Teachers from eight school districts in northwest Washington are planning one-day strikes to draw attention to what they say are inadequate school-funding proposals in the state Legislature.
Teachers in eight Washington school districts have decided to walk out of class for one day to protest what they say is too little funding for the state’s public schools.
Teachers want to see better health-care benefits for school staff, more money to pay for voter-approved class-size reductions and higher cost-of-living raises than the state House or Senate have proposed so far.
As of Friday morning, local teachers unions in the Lakewood, Arlington, Stanwood-Camano, Mount Vernon, Sedro-Woolley, Bellingham, Ferndale and Blaine school districts had voted for a one-day walkout, said Paul Hope, head of the regional union office in Bellingham, and a math and physics teacher at Mount Vernon High School.
Teachers from Arlington, Lakewood and Stanwood-Camano plan to strike Wednesday. Teachers in the other districts are scheduling their walkouts over the next few weeks.
In Seattle, union President Jonathan Knapp said teachers will start talking about a possible walkout next week, once they return from spring break.
“The word is traveling,” said Rich Wood, spokesman for the Washington Education Association (WEA), the state’s largest teachers union. Each local union will make its own decision about whether to strike, he said.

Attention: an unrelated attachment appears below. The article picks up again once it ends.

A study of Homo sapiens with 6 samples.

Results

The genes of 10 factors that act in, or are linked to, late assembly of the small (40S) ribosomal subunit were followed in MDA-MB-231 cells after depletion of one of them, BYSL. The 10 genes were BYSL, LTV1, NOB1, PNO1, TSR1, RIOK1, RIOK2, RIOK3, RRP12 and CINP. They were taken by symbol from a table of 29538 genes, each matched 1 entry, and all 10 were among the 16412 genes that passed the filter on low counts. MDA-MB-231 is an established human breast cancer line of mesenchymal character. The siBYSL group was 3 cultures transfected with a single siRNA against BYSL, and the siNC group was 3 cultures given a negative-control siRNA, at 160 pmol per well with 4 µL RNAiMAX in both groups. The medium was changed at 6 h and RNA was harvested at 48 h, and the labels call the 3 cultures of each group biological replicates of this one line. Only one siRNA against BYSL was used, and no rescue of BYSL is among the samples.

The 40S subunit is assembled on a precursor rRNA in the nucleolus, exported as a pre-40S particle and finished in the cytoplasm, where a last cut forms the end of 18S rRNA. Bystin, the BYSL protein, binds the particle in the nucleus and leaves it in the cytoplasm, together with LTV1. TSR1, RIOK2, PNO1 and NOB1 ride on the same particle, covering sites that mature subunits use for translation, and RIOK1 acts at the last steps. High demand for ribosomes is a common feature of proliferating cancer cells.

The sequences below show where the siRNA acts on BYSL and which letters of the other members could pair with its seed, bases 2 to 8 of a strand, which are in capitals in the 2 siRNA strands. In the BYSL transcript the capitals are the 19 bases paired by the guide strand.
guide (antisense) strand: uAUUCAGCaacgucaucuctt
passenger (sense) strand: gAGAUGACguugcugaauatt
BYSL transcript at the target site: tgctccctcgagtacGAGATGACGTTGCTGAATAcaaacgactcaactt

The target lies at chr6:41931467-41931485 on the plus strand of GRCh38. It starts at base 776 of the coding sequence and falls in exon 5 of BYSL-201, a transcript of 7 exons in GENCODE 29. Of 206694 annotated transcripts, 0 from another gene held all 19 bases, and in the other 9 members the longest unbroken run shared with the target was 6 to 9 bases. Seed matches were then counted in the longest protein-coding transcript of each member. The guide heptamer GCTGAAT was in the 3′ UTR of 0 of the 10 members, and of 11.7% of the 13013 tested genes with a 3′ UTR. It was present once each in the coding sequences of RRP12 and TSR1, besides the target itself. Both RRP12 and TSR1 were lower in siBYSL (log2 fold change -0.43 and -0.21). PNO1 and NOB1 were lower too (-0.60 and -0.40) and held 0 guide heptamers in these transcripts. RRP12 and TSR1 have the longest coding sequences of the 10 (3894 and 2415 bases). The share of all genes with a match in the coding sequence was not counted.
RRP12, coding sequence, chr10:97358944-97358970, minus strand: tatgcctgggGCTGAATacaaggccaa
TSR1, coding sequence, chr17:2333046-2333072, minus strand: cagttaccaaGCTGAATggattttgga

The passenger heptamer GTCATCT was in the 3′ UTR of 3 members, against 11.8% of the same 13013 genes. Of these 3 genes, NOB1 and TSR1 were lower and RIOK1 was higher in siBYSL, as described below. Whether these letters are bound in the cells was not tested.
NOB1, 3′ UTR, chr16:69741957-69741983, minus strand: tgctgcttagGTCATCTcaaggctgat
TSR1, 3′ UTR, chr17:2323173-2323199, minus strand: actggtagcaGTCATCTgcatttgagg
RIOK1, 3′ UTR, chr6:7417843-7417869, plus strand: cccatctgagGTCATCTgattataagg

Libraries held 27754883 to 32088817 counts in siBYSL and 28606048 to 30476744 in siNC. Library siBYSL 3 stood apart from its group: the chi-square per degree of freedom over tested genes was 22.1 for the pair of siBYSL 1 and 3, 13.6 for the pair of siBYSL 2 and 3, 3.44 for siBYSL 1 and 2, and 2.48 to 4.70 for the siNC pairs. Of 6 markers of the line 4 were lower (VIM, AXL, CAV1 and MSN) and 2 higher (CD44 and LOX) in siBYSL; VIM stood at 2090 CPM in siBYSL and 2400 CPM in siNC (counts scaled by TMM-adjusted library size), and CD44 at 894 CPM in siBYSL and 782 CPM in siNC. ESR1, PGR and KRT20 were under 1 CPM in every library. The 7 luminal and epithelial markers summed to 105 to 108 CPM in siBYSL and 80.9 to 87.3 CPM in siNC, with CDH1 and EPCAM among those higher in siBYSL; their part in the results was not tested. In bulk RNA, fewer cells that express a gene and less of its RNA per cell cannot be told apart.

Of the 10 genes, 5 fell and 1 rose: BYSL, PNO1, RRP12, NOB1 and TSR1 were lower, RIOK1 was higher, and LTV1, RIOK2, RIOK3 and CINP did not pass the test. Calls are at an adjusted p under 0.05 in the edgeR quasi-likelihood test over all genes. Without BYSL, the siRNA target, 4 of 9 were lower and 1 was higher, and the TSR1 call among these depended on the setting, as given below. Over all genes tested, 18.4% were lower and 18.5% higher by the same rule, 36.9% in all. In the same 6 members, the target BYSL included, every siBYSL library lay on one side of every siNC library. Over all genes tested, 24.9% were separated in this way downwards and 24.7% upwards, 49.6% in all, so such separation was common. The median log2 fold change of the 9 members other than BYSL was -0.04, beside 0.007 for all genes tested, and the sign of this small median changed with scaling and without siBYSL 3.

The statewide association has lobbied extensively for better teacher pay and more school funding this session, organizing rallies and airing radio advertisements.
The WEA was also a major backer of last fall’s initiative to reduce class sizes, which voters approved. The union spent more than $2.5 million in support of that measure, according to campaign-finance records.
The last time teachers across the state held similar, one-day protests was in 1999, when thousands of teachers from about 50 school districts voted to walk out over a period of weeks, Wood said. That year, lawmakers granted a 3 percent raise for all public-school employees in the state.
This year, state House Democrats and Senate Republicans have offered budgets that propose between $1.3 billion and $1.4 billion to satisfy a state Supreme Court order to increase funding for public schools.
Both proposals include some money to reduce class sizes in kindergarten through third grade, but neither plan would lower the number of students in grades 4-12, even though that’s what voters approved in Initiative 1351.
House Democrats proposed a slightly larger cost-of-living increase for teachers than did Senate Republicans, and put more money toward health-insurance plans for K-12 employees.
The state teachers union has said neither the House nor Senate budget goes far enough to satisfy the high court’s ruling, or to pay teachers the competitive wages they deserve.
Larry Delaney, a math teacher at Lakewood High School, said the approximately 140 teachers in his district are planning a demonstration and community-service project instead of showing up for work on Wednesday. Schools in the Lakewood School District will be closed, he said.
The decision to walk out didn’t come easily for Delaney.
“We take our jobs seriously, we take our responsibilities seriously, we take our students seriously,” he said.
While the protest will affect students and families for one day, he said, he hopes it can make lasting improvements for teachers.